Emmanuel Macron, France's new president who formally takes power on Sunday, faces a daunting to-do list.
The 39-year-old must unite a deeply divided country, tackle unemployment and team up with Germany to try to reform the EU -- but he first faces a battle to secure a governing majority in legislative elections due in June.
Macron, a pro-European centrist and former banker, takes over a deeply divided country.
The election revealed two Frances: one urban, more affluent and open to reform; the other concentrated in the northern rustbelt and rural areas that backed Macron's far-right opponent Marine Le Pen or other anti-globalisation candidates.
Macron knows that many of those who backed him over Le Pen in the second round picked him as "the lesser of two evils" and do not support his liberal, pro-business agenda.
Failure to produce results on jobs could further alienate those who feel neglected by the political class, driving more voters to the extremes.
Macron says his year-old Republique en Marche (Republic on the Move, REM) movement and government will be open to progressives of all stripes.
He aims to seal his presidential win with an outright majority in the June 11-18 parliamentary election but his fledgling party faces a tough task to replicate his extraordinary rise.
Half of the 428 parliamentary candidates it has chosen so far have never held elected office.
Macron is convinced that the French people will hand him another victory.
But the right-wing Republicans, whose candidate Francois Fillon crashed out in the first round of the presidential election after allegations he had embezzled state funds, hope to strike back and force Macron into a coalition arrangement.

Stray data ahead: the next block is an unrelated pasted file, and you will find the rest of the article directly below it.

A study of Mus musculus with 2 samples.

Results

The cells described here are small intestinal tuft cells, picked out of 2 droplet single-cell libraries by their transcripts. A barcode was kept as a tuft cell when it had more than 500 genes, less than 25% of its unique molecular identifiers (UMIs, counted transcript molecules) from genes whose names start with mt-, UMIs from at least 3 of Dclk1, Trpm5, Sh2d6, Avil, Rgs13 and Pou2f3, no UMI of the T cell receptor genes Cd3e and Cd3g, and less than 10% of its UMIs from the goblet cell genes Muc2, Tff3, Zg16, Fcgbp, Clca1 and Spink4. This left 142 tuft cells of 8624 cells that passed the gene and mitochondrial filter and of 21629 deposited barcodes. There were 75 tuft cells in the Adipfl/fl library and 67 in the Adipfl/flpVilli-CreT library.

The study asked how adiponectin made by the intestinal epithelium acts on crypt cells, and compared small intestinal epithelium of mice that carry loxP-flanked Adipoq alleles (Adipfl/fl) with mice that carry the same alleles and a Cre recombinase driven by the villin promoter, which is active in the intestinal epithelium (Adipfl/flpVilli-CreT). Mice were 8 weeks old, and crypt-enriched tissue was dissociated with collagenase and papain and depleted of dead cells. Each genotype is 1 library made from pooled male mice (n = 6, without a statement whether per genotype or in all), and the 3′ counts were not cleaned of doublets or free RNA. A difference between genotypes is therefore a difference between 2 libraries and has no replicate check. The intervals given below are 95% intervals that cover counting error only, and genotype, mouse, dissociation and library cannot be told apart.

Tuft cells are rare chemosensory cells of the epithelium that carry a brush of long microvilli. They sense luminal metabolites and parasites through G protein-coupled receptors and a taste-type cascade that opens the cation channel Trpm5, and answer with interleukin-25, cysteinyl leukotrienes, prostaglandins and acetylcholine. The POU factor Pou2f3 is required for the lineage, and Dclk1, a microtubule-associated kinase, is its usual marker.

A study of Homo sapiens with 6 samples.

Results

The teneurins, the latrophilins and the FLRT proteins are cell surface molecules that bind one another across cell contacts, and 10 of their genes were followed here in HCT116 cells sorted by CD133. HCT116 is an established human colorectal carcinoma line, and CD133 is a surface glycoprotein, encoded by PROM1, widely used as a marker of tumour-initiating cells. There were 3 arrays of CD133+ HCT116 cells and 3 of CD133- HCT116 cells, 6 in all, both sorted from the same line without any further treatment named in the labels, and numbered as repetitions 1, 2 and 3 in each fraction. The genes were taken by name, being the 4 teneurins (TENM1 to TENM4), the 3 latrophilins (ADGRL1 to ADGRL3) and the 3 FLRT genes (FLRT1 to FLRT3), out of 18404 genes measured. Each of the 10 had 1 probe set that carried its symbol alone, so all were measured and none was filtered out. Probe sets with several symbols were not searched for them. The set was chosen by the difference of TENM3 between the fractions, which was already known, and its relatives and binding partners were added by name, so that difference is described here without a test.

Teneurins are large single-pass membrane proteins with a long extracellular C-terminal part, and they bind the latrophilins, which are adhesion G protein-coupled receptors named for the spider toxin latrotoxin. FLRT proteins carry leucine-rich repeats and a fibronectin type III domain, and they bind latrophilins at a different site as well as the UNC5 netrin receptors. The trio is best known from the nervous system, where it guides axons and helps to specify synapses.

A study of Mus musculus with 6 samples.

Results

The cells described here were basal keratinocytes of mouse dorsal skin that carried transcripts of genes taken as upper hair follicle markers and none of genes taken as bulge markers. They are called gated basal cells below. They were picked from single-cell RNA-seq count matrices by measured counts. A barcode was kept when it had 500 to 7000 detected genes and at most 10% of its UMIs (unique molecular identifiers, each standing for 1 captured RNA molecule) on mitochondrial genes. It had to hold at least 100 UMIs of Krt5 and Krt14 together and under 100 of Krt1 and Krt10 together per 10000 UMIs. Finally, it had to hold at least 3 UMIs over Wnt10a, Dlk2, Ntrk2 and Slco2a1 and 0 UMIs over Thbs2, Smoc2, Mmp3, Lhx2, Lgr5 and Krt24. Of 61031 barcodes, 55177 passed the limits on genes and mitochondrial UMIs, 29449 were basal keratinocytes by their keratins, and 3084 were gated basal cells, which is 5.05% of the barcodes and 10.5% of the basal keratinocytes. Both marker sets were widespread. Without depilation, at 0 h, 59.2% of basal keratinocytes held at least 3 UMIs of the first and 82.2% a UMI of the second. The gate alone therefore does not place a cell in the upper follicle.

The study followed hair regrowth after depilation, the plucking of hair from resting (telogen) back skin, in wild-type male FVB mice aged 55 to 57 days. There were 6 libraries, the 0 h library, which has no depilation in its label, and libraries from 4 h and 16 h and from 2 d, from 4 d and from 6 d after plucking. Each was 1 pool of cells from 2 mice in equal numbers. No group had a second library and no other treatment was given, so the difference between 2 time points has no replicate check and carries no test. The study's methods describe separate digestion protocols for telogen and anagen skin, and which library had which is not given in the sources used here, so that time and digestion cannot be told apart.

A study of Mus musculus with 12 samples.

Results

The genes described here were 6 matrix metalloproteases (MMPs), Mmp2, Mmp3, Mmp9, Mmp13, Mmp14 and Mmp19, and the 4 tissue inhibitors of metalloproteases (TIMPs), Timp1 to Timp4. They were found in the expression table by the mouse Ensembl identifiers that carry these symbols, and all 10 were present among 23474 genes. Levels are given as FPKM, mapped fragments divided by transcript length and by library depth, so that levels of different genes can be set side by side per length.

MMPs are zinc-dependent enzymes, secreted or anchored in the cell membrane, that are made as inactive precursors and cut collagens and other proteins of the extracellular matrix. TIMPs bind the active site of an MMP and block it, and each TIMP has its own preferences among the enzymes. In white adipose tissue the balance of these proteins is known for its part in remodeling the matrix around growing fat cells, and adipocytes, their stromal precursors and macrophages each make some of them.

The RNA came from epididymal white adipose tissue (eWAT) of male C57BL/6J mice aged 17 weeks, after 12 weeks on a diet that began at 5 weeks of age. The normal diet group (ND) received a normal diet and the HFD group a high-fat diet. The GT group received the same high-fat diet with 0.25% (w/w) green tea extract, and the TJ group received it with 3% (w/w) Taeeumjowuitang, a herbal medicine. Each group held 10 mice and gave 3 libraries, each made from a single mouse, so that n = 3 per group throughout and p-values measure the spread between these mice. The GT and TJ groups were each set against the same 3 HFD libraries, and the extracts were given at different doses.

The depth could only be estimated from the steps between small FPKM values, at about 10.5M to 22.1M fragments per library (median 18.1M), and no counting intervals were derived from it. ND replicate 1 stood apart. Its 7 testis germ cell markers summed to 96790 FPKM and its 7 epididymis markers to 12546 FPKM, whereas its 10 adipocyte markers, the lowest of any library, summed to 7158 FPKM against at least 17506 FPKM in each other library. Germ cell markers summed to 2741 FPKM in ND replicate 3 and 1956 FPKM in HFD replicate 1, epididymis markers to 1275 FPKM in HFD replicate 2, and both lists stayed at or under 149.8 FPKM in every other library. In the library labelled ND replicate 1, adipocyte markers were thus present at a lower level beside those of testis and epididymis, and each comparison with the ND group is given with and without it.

The radical left of firebrand leader Jean-Luc Melenchon is also aiming for a strong showing.
Like his Socialist predecessor Francois Hollande, Macron will be judged above all on employment.
French joblessness stands at 10 percent, which compares with an average of 8 percent across the EU and just 3.9 percent in neighbouring Germany.
Macron vowed during campaigning to use executive orders to force through reforms of France's rigid labour laws, in order to encourage employers to hire.
But by bypassing parliament he risks being drawn into a showdown with the country's combative trade unions and triggering mass protests of the kind that undermined Hollande.
The killing of a policeman on the Champs-Elysees in Paris just three days before the first round of the presidential vote was a sobering reminder of the terror threat hanging over France.
More than 230 people have been killed in jihadist attacks in France since January 2015, many carried out in the name of the Islamic State (IS) group.
Security experts have warned of the particular threat posed by hundreds of French IS fighters returning home from Syria and Iraq in the coming years.
With no previous experience in such matters, Macron has to move quickly to show he has a grip on the security challenges and his role as military commander-in-chief.
Macron sees a reinvigoration of the France-Germany alliance as crucial to relaunching the EU after the shocks of Brexit and the migrant crisis.
His first trip abroad will take him to Berlin on Monday to meet German Chancellor Angela Merkel.
Macron also plans to visit other European capitals during his first months in charge, to set out his five-year roadmap for closer eurozone integration and tackling issues such as the environment and migration.